The first BMW Art Car was born exactly 40 years ago and was the work of Alexander Calder. The BMW 3.0 CSL painted by Calder took part in the 1975 Le Mans 24-hour race and became the first exhibit of what is now called the BMW Art Car Collection.
The man who had the idea of the first BMW Art Car was French racing driver and art enthusiast Hervé Poulain. 40 years ago, he asked artist friend Alexander Calder to apply his creative talents to his race car. With the help of Jochen Neerpasch, then BMW Motorsport Director, the first BMW Art Car was born.
Since then, new additions to the BMW Art Car Collection have been made over the years at irregular intervals, with unique works of art from famous names such as Andy Warhol, Roy Lichtenstein, David Hockney and Jeff Koons.
“The 40-year history of our ‘rolling sculptures’ is as unique as the artists who created them. The BMW Art Cars are an essential element and core characteristic of our global cultural engagement,” says Maximilian Schöberl, Senior Vice President, Corporate and Governmental Affairs, BMW Group.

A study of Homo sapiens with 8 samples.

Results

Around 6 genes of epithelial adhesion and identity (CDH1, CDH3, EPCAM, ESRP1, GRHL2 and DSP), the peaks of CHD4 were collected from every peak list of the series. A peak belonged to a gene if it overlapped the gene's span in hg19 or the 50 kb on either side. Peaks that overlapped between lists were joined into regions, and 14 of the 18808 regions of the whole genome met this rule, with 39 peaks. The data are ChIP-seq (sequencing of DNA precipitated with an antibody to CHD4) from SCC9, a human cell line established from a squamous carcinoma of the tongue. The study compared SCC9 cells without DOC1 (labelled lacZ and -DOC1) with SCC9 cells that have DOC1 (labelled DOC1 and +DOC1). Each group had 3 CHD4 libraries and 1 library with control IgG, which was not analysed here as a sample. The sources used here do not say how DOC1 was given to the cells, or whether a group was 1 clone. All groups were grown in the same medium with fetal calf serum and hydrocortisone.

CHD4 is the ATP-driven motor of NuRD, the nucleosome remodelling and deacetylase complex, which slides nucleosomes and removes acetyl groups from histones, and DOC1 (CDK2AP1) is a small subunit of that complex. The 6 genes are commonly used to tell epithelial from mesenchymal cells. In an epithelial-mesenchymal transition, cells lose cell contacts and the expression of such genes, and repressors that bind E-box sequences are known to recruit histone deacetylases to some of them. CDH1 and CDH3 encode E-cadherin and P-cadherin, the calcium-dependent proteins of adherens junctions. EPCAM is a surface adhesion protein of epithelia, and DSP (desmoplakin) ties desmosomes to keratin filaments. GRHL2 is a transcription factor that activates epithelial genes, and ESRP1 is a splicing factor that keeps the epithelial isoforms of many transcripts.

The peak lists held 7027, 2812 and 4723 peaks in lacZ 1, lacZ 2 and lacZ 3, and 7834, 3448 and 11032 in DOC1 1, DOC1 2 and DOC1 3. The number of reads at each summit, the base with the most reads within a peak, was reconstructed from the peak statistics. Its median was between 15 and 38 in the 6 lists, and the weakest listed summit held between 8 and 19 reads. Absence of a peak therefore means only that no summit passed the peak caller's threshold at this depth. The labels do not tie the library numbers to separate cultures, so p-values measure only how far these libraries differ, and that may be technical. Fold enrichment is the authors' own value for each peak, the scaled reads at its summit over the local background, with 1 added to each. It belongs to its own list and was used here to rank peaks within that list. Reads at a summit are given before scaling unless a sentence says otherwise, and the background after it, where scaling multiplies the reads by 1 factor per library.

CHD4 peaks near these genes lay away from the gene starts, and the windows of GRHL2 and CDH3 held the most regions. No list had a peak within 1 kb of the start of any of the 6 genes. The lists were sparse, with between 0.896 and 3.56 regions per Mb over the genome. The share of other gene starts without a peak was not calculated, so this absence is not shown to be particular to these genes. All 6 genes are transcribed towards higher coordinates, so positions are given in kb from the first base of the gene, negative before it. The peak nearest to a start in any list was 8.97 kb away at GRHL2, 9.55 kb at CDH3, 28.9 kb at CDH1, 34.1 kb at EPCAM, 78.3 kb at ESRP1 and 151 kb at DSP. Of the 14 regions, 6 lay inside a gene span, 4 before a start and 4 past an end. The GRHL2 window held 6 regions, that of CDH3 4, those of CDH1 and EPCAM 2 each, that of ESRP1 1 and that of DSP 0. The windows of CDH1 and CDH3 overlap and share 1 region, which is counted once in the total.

BMW has started anniversary celebrations with exhibitions in Hong Kong, at the Centre Pompidou, the BMW Museum and the Concorso d’Eleganza at Lake Como, where the first four BMW Art Cars by Alexander Calder, Frank Stella, Roy Lichtenstein and Andy Warhol, plus the M3 GT2 created by Jeff Koons, were all on display.
The BMW Art Cars will also travel to New York, Miami and Shanghai later this year. The collection includes seventeen cars, several of which are usually on display at the BMW Museum in Munich, as part of its permanent collection.